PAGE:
This year, from Feb. 27 to March 30, the Yerba Buena Center for the Arts will host a showcase of nine design and architecture films. While their topics range from exploring the hidden waterways of cities all over the world to in depth studies of architects like Tadao Ando and Frank Lloyd Wright, The Daily took a more detailed look at two of the showcase’s most exciting films.
Shot from a bird’s eye view of downtown Manhattan, the opening scene of “16 Acres” reveals what defines New York City: its skyline. With the attack on the Twin Towers on September 11, 2001, this skyline was irreparably altered, as was the city of New York itself. In his documentary “16 Acres,” director Richard Hankin chronicles the complex process of building on Ground Zero.
The film focuses on the five major parties involved in the reconstruction: powerful land developer Larry Silverstein, New York Governor George Pataki, the New York and New Jersey Port Authority, architects Daniel Libeskind and David Childs, and 9/11 family member Rosaleen Tallon.
The movie’s strength lies in its ability to reject the tempting clichéd and gushy story about how different groups of New Yorkers seamlessly worked together to honor the lives lost on 9/11. It is an honest account of discord, frustration, and concessions made to successfully create a memorial and new buildings worthy of the site.
The film, and its unbiased approach of interviewing leaders of opposing parties, makes us realize that there was no clear answer to the question of who should control Ground Zero. Now, Ground Zero is no longer an empty, desolate plot. Instead, it is a place for Americans to interact and commemorate the lives lost on September 11th, 2001.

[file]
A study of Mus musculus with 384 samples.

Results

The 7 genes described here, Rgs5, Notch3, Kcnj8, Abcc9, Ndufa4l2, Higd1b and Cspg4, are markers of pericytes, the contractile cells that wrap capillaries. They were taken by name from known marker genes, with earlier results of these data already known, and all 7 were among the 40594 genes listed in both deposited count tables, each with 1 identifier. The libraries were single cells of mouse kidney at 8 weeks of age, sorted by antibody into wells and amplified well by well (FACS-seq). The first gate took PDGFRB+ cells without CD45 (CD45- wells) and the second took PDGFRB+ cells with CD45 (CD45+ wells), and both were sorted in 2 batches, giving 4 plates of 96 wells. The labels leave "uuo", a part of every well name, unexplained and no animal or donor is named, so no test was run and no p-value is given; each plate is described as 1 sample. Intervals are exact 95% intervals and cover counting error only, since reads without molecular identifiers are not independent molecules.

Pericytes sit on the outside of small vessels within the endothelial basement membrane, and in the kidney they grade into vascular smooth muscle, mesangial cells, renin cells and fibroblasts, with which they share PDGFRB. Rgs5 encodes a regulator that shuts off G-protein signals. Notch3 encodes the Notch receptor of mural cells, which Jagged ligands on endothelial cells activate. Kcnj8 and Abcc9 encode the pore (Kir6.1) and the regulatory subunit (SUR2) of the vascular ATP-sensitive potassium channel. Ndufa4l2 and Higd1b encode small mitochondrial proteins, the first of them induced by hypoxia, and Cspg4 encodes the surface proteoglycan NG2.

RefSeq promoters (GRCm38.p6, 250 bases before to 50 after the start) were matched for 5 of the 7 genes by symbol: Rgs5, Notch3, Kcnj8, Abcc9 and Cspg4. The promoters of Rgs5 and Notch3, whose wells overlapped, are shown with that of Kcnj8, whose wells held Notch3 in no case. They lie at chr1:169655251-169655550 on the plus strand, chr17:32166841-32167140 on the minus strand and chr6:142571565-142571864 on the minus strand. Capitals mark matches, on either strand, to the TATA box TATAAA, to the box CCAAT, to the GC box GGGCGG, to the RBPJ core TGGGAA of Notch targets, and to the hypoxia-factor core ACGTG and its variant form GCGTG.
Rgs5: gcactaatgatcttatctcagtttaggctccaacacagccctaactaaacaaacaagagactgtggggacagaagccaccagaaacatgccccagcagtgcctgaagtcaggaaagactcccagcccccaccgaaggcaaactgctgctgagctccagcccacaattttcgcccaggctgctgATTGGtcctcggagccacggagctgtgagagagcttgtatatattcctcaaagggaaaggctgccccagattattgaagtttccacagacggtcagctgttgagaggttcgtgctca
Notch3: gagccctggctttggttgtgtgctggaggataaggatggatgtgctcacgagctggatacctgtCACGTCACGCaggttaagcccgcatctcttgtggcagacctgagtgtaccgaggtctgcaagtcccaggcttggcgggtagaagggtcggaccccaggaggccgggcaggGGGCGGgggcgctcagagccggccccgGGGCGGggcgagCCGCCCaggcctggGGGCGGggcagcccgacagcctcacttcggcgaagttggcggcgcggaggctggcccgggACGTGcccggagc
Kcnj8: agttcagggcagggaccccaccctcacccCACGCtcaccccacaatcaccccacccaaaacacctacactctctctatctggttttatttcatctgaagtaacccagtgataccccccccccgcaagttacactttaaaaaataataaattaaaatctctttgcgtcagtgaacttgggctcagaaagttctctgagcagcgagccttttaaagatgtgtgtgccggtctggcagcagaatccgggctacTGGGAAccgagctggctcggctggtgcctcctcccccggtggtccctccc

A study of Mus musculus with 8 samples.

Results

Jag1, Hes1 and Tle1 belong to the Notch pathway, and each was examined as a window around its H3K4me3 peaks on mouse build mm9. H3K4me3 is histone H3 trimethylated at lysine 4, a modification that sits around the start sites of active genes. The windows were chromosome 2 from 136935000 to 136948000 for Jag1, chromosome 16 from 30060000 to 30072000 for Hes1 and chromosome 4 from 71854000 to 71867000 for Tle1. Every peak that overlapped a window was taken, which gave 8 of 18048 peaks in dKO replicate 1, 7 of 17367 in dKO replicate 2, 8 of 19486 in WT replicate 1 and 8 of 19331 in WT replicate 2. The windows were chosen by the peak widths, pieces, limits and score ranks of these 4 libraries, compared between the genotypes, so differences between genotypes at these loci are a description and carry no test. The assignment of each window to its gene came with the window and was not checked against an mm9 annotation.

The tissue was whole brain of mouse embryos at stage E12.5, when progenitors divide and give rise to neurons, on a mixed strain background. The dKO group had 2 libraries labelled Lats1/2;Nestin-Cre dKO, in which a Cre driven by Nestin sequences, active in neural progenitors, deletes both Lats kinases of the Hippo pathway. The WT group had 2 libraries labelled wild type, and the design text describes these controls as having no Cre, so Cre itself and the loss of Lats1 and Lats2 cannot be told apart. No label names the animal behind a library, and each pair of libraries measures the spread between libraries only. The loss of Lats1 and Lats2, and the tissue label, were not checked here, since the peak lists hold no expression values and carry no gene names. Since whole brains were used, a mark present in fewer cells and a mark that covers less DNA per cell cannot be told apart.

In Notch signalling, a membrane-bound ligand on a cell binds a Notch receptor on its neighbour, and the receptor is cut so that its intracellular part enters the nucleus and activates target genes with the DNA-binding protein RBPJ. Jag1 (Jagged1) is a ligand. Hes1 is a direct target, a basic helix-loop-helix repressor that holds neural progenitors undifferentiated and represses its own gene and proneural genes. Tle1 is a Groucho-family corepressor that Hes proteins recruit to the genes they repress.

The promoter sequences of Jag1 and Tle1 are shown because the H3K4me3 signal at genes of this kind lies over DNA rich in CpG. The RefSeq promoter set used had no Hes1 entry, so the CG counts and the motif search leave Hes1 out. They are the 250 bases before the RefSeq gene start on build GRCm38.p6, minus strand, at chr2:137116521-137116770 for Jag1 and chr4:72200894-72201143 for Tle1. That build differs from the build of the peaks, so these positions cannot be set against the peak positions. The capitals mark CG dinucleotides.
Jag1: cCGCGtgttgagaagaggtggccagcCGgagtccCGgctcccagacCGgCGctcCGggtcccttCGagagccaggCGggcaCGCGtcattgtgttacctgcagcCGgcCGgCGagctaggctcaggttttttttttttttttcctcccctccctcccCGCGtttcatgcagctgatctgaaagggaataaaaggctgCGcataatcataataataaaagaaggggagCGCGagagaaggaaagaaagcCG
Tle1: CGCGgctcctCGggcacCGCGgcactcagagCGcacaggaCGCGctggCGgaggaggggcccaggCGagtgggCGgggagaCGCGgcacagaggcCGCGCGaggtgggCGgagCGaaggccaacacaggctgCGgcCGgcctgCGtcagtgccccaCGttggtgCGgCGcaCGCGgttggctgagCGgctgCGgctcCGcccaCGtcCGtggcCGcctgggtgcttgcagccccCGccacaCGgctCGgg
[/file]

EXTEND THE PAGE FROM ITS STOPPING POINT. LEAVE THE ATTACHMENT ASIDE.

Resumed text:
“Sagrada: The Mystery of Creation”
If New Yorkers grew impatient with only ten years of construction, then the Spanish must be the most patient people in the world. Started 130 years ago, Antonio Gaudí’s La Sagrada Familia is still a work in progress today. Dominated by footage of scaffolding and the active construction of the church, director Stefan Haupt’s film reveals the constantly changing state of this massive architectural project. The film also details Gaudí’s career before La Sagrada Familia, as well as his Catalan heritage and the naturally occurring shapes that inspired him.
Once you get past this history, however, the film quickly jumps to the present state of the building. And for architect, artist, or engineer, things get exciting.
The film features behind-the-scenes looks at artists and engineers working with computer modeling systems, creating models, and collaborating on issues to increase the dragging pace of construction on the cathedral and of the film itself. Finally, we witness progress.
Nevertheless, as Haupt reveals, the setbacks and potential for slow-moving development don’t stop here. Today, the Spanish government is working to create an underground, high-speed train to connect Barcelona and Paris. But the train will run right underneath the front façade of La Sagrada Familia. Clips of interviews show architects and construction workers unsure and pessimistic about the potential impact of this train on the façade of the cathedral.
While issues like this worry current director of the cathedral Joan Bassegoda, the completion date does not.
“The important thing about Sagrada Familia isn’t finishing it, it’s building it” states Bassegoda.
La Sagrada Familia has connected generations in the pursuit of completing one grandiose piece of architecture. What the documentary lacks in interesting, historical context, it makes up for in its expression of the supreme, enduring power of Gaudi’s vision.
Contact Mary Carole Overholt at mco95 “at” stanford.edu.